The study estimates that fully-implemented federal visibility requirements for heavy trailers will prevent 7,800 crashes annually.

It also estimates that 191 to 350 fatalities per year will be prevented, along with 3,100 to 5,000 injuries, once all heavy trailers in the U.S. fleet have been equipped with highly reflective tape.

“Better visibility means fewer crashes, and fewer crashes translate into injuries prevented and lives saved,” says U.S. Transportation Secretary Norman Y. Mineta.

“Reflective tape is proving to be a very effective component in our plan to improve truck safety and support the Bush Administration’s goal to reduce the number of truck-related crashes.”

According to the 55-page study, reflective tape reduces side and rear crashes into heavy trailers, particularly at night “when even a vigilant motorist might not see an untreated trailer in time for a crash.”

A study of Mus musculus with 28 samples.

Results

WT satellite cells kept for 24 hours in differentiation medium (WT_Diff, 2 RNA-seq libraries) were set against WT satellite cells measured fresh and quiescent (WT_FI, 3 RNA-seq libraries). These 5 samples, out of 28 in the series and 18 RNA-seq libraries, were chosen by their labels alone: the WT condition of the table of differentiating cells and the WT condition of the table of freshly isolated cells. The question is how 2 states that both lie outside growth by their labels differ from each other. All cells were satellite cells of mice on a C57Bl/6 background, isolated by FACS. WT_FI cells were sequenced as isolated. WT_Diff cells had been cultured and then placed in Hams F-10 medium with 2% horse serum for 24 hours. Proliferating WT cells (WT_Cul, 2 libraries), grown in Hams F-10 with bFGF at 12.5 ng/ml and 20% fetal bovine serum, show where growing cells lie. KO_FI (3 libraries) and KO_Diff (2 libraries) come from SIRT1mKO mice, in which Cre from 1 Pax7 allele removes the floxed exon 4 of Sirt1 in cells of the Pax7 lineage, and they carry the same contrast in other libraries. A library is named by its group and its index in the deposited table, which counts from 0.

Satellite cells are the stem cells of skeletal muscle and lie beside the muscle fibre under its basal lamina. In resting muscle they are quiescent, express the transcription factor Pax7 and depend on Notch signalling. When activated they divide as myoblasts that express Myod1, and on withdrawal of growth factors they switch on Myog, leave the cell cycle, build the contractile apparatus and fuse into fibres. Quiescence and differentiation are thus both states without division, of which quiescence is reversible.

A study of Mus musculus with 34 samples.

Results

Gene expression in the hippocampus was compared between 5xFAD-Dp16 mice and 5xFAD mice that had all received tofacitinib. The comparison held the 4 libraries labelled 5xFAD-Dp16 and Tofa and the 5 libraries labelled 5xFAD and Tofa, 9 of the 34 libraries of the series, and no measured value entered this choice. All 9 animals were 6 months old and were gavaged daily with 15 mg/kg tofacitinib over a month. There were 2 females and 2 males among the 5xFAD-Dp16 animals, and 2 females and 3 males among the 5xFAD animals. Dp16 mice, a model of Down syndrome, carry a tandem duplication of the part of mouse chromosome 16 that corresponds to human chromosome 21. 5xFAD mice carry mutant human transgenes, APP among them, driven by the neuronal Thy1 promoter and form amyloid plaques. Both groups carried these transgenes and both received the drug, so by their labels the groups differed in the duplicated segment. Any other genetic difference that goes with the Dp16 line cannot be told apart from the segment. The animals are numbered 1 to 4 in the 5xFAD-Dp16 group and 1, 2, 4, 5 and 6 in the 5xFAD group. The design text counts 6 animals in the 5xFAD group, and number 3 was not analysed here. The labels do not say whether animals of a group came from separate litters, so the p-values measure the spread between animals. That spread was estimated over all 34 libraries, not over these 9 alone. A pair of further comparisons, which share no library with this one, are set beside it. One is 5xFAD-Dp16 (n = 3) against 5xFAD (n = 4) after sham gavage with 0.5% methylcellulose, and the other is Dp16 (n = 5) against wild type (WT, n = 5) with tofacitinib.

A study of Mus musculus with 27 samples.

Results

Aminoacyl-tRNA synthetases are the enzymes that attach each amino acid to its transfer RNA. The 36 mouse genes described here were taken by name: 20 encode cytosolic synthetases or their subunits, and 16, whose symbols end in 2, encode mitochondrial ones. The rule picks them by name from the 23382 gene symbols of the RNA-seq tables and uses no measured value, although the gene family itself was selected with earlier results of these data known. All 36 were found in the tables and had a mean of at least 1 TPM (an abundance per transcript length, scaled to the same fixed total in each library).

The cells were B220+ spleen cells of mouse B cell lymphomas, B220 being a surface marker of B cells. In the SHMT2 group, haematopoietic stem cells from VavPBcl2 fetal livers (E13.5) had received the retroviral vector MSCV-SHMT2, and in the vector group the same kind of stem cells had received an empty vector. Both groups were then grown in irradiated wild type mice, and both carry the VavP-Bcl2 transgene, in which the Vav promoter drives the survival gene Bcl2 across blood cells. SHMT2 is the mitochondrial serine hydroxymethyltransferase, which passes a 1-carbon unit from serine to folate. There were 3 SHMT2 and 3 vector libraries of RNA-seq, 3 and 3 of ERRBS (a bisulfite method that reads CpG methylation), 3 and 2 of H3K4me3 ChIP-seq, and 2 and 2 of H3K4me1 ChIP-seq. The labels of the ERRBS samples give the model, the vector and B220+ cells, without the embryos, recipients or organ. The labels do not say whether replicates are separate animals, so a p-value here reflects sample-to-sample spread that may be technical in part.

The tape reduces side and rear impacts into heavy trailers by 29 per cent in the dark, the administration says.

But while the tape may reduce the likelihood of an accident, compliance with that and the NHTSA’s pre-1991 rules for lamps and reflective devices. The U.S. Court of Appeals, in case of Allye M. Harris v. Great Dane, upheld that the then NHTSA requirement was merely, “a minimum federal safety standard.” Manufacturers meeting that standard did not relieve it of compliance with “more rigorous common law safety obligations.”

As for the reflective tape, the NHTSA requires all heavy trailers manufactured after November 1993 to be equipped with highly reflective tape or its equivalent in the form of reflectors.